My reading of the situation is that the Holy Father wants to pursue a certain course, knows that for political or doctrinal reasons he cannot do it overtly, and so is intentionally being officially ambiguous while turning a blind eye to those who use his ambiguity as cover to do what he wants done. I'm not happy to see it that way, but that's how it looks to me.

I'm not at all sure that submitting the dubia was wise, because it backs him into a corner. I'm actually glad he hasn't replied, for fear of what his answers would be. I'm hoping that the whole controversy convinces the Cardinals that next time around we need a Pope less "imprecise".

That said, I do think the Pope's objective -- to bring people back to the Sacraments -- is a praiseworthy one. But the course he has chosen appears imprudent to me.

I'd like more clarity on just what the theological consequences would be were the Pope to come down decisively for "liberalization". If only there were a theologian in our midst...

By "no voice " I really mean "no power". Or influence. It will play out as it plays out no matter what I think. I certainly agree that it's important. The bit in this piece describing the pope's dilemma is accurate, I think. Certainly his stated intention is laudable, as you say. Wish I didn't have to add "But..."

Oh, I see what you meant. In that sense you're right; we can't influence the outcome, except by prayer.

Definitely.

I really think it's going to take a miracle. I'm praying every day now for the Triumph of the Immaculate Heart. Only God can sort this out.

Of course, He's trustworthy!

Craig I just do not know what to think.

I find myself feeling relieved that I'm not really obliged to come to a definite conclusion.

I think God will sort it out. Eventually. But of course he has a way of letting the Church make some pretty big messes in the process.

"Craig I just do not know what to think."
Me neither.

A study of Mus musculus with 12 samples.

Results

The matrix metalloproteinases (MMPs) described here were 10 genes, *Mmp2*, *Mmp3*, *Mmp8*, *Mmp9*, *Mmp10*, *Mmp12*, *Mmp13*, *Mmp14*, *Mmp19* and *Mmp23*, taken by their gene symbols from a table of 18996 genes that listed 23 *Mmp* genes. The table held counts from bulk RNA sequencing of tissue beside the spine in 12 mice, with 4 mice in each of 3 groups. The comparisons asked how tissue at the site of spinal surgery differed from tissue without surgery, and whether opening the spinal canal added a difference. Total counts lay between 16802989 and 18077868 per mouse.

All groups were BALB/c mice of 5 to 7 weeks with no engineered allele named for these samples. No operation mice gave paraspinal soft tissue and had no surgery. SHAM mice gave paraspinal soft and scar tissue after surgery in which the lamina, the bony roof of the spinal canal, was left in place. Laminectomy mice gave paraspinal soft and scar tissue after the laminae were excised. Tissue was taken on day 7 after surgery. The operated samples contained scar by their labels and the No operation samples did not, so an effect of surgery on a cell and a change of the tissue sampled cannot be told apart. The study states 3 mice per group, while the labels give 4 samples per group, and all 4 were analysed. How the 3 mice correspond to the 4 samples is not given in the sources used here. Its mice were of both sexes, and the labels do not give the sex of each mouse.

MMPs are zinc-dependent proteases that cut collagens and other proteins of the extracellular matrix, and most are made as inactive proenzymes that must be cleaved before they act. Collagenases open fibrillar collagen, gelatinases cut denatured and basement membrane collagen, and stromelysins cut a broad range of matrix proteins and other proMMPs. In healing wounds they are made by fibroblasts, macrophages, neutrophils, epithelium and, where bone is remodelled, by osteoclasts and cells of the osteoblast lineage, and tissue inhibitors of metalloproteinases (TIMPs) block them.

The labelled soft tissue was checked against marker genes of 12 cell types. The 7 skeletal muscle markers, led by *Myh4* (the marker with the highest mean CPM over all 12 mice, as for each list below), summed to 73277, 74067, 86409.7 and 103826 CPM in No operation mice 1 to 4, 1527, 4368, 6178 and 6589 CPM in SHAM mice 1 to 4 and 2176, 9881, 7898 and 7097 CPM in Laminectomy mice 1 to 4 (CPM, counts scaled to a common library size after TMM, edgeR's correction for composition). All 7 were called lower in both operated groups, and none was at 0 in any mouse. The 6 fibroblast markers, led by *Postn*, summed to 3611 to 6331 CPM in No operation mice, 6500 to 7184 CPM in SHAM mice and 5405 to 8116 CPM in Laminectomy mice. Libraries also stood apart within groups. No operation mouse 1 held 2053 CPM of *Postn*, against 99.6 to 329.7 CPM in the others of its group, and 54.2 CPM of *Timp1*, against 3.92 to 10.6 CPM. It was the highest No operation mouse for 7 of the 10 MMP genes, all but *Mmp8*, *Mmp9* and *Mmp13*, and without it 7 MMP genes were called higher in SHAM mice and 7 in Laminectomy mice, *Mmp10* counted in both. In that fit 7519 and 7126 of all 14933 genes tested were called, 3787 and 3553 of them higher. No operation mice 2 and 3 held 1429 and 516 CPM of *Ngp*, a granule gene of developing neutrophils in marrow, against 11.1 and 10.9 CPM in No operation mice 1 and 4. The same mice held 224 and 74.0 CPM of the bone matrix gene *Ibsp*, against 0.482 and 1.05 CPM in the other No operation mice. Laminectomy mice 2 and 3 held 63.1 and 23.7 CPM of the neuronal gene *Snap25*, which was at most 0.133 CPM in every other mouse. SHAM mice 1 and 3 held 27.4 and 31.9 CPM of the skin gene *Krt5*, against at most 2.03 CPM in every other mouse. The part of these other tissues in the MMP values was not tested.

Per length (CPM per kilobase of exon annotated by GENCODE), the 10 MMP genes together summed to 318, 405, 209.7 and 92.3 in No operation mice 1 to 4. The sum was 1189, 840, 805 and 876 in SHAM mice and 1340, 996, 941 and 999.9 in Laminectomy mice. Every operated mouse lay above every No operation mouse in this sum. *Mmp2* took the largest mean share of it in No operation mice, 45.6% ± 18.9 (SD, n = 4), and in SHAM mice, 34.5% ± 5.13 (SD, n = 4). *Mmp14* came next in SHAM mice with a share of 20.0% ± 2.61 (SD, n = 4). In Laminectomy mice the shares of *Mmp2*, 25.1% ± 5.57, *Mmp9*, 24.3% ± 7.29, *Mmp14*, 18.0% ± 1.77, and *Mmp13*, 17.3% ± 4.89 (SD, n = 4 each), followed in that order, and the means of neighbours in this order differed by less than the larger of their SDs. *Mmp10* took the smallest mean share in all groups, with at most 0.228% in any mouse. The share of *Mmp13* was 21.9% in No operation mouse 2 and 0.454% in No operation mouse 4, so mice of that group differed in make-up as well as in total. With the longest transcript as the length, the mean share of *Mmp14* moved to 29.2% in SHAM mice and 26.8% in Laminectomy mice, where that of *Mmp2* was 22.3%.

"I find myself feeling relieved that I'm not really obliged to come to a definite conclusion."

Yes, that's about all I have to say about it. I have been avoiding it as much as possible.

AMDG

Another good piece on this is this one by Ross Douthat -- The End of Catholic Marriage -- written a few days ago. In it, he looks closely at what the bishop of San Diego has been doing in response to “Amoris Laetitia,” and it's disheartening to say the least.

Douthat ends with this:

I am uncertain of the wisdom of the dubia offered by the four conservative cardinals, fearful (unlike certain heighten-the-contradictions traditionalists) of what might happen in the church if the pope actually clarified his teaching and intentions. But if Pope Francis does not mean his apostolic exhortation to be implemented along the sweeping, come-all-eventually-back-to-communion lines proposed by Bishop McElroy [of San Diego], he should say so, and soon. Because in the diocese of San Diego, there may be something called the sacrament of matrimony, but the church itself plainly does not believe in Catholic marriage anymore.
Put me in the fearful camp along with Douthat.

The Buttiglione-McElroy contrast there is illuminating.

Ignoring the theological reasoning and ramifications, and just looking at human nature and the times, it seems likely that this could work out similarly to the contraception question, with millions of Catholics ignoring the "official teaching."